With David Bakhtiari still out, Packers making the most of Yosh Nijman's versatility

Ryan Wood
Packers News

Offensive coordinator Adam Stenavich said Thursday the Packers have developed contingency plans for several possibilities based on who’s available Week 1. Elgton Jenkins was activated off the physically unable to perform list Sunday, four weeks before the opener, but it’s uncertain he’ll be ready to play from the season’s first game. David Bakhtiari’s activation date remains unknown.

Stenavich said the Packers are preparing for any and all options.

“It’s like, all right, here’s our plan if we have David,” Stenavich said. “Here’s our plan if we have Elgton. And here’s our plan if we have both. And then what if we don’t have any of them, OK, who are our best five? It is everything, and you really have to be ready for everything. That’s what I think (offensive line coach Luke) Butkus does a great job everyday of just making sure these guys are in the right spot to get certain looks at certain positions and stuff.

“We’re still trying to sort everything out.”

Since camp’s opening days, the Packers have groomed Yosh Nijman to be their starting left tackle early this season if Bakhtiari isn’t ready. Nijman started eight games at left tackle last season, though the playoff loss to San Francisco wasn’t one of them.

Nijman had a handful of reps at right tackle in camp, but none since Aug. 1. That’s around the time, Jenkins said, his knee felt healthy and it was apparent he could return from PUP during camp.

Packers quarterback Aaron Rodgers celebrates with offensive lineman Yosh Nijman after throwing for a touchdown against the Baltimore Ravens on Sunday, Dec. 19, 2021.

Jenkins is the Packers' best left tackle – and guard, if not also center – if Bakhtiari remains on PUP when the season starts. Coach Matt LaFleur has said selecting starter jobs on the offensive line isn’t about one player at a specific position, but a collection of the best five. While Jenkins is an above-average starter anywhere he lines up, the Packers have shown they’re more comfortable with Nijman at left tackle than the right side.

“He’s got all the tools and all that stuff to do that,” Stenavich said. “Your right tackle is not necessarily your run-blocking guy, and your left tackle is only the pass-pro guy. There’s good defensive ends both sides that he’s going to have to block. It’s just basically him just playing with his fundamentals on both sides, and I think when he goes to the right side, he kind of struggles with that. He just has to focus on being able to do both.”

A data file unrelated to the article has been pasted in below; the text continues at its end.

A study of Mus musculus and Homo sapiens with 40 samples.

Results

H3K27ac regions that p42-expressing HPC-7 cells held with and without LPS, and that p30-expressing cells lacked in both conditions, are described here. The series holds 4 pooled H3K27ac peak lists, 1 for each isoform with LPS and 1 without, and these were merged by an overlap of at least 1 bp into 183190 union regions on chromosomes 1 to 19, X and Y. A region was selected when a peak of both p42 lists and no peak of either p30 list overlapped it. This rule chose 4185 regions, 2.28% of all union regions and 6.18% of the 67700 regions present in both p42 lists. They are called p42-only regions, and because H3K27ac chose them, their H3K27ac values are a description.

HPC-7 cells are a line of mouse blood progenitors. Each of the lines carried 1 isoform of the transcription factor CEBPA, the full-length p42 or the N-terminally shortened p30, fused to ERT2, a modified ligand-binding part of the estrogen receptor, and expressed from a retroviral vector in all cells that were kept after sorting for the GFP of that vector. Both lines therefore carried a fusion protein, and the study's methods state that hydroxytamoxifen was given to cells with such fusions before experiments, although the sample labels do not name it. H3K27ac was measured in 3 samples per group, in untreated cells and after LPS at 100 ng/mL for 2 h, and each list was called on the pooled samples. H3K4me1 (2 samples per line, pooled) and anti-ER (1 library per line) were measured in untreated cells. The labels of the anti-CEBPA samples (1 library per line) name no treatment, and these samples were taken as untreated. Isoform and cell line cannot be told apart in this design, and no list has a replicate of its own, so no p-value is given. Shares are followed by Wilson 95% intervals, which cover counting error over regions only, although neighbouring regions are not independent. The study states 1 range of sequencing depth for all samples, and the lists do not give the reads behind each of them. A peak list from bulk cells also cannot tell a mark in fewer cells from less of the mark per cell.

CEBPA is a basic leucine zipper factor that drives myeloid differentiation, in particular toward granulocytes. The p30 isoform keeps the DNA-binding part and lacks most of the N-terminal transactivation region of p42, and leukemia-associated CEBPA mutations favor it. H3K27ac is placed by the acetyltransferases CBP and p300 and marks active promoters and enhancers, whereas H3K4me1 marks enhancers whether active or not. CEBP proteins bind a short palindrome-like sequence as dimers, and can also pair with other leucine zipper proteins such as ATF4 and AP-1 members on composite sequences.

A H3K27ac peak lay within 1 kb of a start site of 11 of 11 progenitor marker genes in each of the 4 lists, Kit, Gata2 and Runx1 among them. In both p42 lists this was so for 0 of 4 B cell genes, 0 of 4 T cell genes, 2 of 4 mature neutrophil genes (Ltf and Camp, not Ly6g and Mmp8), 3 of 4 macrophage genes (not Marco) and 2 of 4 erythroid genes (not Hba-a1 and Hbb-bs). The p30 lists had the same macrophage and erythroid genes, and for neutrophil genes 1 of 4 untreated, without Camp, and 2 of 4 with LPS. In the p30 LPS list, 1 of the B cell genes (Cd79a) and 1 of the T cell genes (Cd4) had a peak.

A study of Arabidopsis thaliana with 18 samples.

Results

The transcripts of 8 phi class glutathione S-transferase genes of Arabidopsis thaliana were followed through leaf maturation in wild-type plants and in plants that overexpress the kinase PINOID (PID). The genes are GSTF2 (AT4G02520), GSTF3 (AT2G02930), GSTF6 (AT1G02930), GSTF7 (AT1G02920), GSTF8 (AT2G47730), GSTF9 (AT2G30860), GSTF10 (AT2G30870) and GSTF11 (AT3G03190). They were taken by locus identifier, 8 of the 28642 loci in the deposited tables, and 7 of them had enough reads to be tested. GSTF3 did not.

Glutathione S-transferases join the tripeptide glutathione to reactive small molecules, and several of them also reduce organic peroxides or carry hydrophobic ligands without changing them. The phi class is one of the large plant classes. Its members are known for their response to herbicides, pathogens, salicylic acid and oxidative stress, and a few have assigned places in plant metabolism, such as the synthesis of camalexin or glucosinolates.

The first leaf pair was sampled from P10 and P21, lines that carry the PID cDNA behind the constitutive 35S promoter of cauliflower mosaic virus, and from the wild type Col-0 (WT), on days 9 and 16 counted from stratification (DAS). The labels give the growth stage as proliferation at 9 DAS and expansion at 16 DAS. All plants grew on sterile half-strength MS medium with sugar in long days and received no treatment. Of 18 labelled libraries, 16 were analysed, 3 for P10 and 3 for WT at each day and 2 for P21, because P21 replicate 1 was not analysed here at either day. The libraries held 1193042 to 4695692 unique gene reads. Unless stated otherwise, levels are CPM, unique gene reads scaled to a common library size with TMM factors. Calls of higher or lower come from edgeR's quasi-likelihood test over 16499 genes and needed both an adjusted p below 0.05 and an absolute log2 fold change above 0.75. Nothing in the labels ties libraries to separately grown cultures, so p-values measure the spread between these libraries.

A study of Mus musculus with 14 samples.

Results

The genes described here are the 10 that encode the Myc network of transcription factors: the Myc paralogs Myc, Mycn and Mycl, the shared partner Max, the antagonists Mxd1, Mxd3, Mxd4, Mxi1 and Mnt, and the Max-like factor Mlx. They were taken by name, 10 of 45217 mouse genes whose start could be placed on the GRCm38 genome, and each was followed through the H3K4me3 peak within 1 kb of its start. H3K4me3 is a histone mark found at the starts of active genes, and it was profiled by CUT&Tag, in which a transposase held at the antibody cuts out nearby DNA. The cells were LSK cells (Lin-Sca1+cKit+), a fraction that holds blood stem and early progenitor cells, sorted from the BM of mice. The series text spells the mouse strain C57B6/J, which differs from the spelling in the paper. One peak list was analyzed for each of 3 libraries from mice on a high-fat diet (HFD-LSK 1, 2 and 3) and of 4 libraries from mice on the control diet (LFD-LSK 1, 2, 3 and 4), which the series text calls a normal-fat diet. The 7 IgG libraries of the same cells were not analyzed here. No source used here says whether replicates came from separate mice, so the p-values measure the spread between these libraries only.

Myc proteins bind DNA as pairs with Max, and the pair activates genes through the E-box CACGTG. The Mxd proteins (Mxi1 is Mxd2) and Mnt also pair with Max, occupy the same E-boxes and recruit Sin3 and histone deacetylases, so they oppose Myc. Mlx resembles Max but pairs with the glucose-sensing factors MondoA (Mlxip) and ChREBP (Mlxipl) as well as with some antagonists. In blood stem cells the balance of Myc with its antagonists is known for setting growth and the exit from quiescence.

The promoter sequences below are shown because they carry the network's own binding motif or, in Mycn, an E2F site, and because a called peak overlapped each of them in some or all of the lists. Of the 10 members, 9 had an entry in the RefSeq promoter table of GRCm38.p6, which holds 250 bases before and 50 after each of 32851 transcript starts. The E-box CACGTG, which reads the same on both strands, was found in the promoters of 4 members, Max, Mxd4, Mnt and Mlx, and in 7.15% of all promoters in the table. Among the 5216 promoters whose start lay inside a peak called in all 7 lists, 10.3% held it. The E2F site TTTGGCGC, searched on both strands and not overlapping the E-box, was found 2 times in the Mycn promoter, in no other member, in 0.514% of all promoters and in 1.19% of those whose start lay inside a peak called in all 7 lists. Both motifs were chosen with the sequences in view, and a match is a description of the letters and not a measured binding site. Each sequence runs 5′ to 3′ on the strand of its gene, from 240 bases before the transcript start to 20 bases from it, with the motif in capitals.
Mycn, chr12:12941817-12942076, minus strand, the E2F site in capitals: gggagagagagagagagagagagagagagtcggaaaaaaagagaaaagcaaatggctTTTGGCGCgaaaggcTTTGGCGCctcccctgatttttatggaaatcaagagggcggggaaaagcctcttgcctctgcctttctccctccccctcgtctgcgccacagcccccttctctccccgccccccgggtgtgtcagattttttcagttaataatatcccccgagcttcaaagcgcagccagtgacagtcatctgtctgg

If Nijman and Jenkins are the Packers' bookend tackles Week 1, their offensive line becomes much more stable. It would leave right guard as the only unsettled position, with Josh Myers at center and Jon Runyan at left guard. Royce Newman, Jake Hanson and rookie Zach Tom would be left to compete for the right guard job.

The big question is how the Packers would configure their offensive line if Bakhtiari somehow returns for Week 1. That possibility decreases each day he’s left on the PUP list, but it also presents the Packers with a good problem to have.

Bakhtiari presumably would retain his job at left tackle, removing Nijman from Aaron Rodgers’ blindside. They could slide Nijman over to right tackle and kick Elgton Jenkins inside to guard, where he was a Pro Bowler in 2020.

That plan only works if Nijman is able to translate his play at left tackle to the right side. If not, Nijman could give the Packers depth at tackle, a luxury many NFL teams lack. It could also leave the right guard position vulnerable.

“I think he’s got to concentrate more once he gets over there of just being able to flip his brain fundamentally on the right side,” Stenavich said. “That’s one thing that I’d love to see him do a better job.”